Pies can either be a savory meal or a sweet dessert. While pies are often associated with American culture, we can trace their history back to ancient Greece. The ancient Greeks consumed artocreas, open pastry shells stuffed with cooked meat. However, scholars credit the Romans for creating the concept of a pie with a top and bottom crust. The placenta, or flat cake, in De Agri Cultura by Marcus Porcius Cato is the earliest-known recipe for a closed pie.
Sweet pies or tarts started becoming prevalent in 16th-century England. Queen Elizabeth I was said to enjoy cherry pies. We can find evidence of this new culinary trend in a cookbook from 1575, which includes recipes for fruit pies containing cherries and strawberries.
Of course, pies were beloved in colonial America as well. Published in 1796, the first American cookbook American Cookery contains one of the first recipes for the classic American pumpkin pie.
As the 20th century rolled along, instant pudding mixes, canned fruits, and premade pie crusts made baking pies immensely easier. Once refrigerators became household items, chilled pies also became popular.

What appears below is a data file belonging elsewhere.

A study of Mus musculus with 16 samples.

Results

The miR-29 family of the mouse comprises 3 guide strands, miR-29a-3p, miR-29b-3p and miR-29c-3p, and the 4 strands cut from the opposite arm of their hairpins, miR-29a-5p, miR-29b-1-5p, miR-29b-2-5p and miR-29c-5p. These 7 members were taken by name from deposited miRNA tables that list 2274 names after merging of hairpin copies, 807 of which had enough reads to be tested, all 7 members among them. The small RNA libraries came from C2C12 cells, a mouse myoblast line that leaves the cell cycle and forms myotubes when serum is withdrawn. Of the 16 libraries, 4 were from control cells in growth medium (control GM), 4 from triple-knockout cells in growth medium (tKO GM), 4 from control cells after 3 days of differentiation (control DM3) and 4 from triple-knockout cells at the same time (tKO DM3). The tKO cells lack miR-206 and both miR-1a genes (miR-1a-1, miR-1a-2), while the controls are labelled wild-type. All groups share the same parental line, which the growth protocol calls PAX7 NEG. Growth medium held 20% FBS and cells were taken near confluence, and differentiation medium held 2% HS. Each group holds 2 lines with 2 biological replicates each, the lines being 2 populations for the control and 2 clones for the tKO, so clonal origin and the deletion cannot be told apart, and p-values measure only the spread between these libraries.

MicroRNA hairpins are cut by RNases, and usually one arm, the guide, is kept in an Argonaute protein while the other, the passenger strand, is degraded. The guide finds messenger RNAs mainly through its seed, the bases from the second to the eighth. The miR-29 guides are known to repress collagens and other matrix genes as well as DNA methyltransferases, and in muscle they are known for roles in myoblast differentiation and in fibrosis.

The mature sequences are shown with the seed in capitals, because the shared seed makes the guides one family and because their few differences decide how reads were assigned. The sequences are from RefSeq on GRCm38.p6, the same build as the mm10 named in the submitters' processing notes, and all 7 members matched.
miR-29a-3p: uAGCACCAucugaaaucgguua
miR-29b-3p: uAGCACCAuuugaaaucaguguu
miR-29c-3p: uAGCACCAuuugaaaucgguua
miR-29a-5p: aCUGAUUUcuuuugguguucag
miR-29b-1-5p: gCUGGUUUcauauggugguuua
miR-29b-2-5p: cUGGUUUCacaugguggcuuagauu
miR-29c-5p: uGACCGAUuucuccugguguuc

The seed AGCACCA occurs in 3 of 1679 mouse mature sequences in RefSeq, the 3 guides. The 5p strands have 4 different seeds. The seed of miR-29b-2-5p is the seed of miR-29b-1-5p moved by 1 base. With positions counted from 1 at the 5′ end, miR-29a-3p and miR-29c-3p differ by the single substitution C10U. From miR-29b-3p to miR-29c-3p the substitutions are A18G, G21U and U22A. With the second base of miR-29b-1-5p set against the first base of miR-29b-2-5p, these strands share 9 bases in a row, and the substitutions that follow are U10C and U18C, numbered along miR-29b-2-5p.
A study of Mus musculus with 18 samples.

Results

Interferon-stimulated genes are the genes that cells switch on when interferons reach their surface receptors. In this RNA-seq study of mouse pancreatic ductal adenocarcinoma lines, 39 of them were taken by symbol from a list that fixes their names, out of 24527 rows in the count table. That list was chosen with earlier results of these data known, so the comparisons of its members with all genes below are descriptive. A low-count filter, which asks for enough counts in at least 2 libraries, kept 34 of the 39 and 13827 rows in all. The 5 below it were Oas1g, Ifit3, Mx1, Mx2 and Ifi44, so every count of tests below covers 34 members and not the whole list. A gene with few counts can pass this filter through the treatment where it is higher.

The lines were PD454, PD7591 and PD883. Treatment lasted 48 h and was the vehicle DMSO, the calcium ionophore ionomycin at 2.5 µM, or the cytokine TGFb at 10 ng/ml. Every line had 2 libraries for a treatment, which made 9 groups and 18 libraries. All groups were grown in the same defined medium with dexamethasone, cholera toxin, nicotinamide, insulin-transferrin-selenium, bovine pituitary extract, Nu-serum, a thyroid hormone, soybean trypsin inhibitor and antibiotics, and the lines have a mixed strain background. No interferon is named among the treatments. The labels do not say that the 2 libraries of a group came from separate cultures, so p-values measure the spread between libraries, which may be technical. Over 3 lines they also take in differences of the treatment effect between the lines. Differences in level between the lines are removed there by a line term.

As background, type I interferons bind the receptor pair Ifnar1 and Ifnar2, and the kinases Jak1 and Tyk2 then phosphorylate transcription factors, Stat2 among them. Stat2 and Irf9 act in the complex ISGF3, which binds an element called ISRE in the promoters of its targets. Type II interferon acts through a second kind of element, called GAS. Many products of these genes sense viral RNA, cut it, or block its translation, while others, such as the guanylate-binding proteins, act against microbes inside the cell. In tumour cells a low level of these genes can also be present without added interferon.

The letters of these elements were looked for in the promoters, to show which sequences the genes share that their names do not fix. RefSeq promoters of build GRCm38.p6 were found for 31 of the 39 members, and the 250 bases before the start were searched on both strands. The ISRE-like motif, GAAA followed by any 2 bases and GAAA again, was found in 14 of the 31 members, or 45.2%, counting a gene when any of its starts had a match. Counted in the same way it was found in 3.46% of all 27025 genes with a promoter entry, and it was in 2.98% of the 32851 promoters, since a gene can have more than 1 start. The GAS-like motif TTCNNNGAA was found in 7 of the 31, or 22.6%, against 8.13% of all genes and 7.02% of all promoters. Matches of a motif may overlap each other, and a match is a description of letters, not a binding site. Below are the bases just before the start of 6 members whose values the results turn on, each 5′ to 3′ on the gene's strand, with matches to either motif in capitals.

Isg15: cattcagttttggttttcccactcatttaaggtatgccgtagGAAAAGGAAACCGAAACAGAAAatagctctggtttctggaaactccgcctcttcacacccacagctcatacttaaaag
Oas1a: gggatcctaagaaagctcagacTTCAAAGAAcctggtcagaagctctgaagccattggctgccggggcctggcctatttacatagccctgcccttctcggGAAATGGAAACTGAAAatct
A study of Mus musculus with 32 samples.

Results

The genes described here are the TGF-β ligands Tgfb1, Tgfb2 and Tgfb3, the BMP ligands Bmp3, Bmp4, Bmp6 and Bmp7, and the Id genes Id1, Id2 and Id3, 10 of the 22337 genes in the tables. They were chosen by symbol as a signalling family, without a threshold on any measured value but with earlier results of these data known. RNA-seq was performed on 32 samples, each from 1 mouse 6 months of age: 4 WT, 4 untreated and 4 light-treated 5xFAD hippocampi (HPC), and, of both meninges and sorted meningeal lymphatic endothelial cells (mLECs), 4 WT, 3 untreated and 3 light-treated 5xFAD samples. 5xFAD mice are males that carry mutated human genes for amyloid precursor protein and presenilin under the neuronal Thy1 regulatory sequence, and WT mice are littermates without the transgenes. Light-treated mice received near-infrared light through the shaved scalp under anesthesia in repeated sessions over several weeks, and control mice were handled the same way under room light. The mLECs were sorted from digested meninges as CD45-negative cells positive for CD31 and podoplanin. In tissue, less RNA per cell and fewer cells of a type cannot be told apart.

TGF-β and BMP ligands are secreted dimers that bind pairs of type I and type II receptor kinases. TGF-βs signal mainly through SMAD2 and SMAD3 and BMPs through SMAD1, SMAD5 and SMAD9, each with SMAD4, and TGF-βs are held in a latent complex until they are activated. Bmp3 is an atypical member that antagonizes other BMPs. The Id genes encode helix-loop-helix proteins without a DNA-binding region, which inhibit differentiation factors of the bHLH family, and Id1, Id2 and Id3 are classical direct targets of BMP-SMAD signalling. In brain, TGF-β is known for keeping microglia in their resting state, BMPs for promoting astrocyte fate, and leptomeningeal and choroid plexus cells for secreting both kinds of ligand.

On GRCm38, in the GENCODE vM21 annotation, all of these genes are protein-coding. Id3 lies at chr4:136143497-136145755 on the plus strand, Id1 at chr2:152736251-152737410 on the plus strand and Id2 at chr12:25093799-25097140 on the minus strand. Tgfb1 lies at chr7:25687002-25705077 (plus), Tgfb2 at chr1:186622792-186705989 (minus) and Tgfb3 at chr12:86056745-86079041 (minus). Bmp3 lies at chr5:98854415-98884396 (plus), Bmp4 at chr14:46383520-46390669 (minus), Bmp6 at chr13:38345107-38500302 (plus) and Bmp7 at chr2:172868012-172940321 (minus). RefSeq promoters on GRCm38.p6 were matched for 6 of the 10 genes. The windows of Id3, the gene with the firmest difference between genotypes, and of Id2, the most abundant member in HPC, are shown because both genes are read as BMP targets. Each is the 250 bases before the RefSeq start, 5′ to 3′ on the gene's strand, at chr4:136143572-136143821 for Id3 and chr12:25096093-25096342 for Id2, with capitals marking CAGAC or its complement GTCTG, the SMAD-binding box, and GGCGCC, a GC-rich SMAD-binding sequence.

Sarah Kim For The Junior Times
1. What were artocreas, and how were they different from modern pies?
2. Who is credited with creating the concept of a pie with a top and bottom crust?
3. Which fruit did Queen Elizabeth I reportedly enjoy in her pies?
1. How do the ancient Greek artocreas compare to modern savory pies in terms of ingredients and preparation methods?
2. What role did the Romans play in the evolution of pies, and how did their contributions influence the modern pie as we know it?
3. How did the introduction of sweet pies or tarts in 16th-century England impact culinary traditions and preferences?
4. Do you believe that the convenience of premade ingredients and tools has enhanced or diminished the artistry and skill involved in pie baking? Explain your reasoning.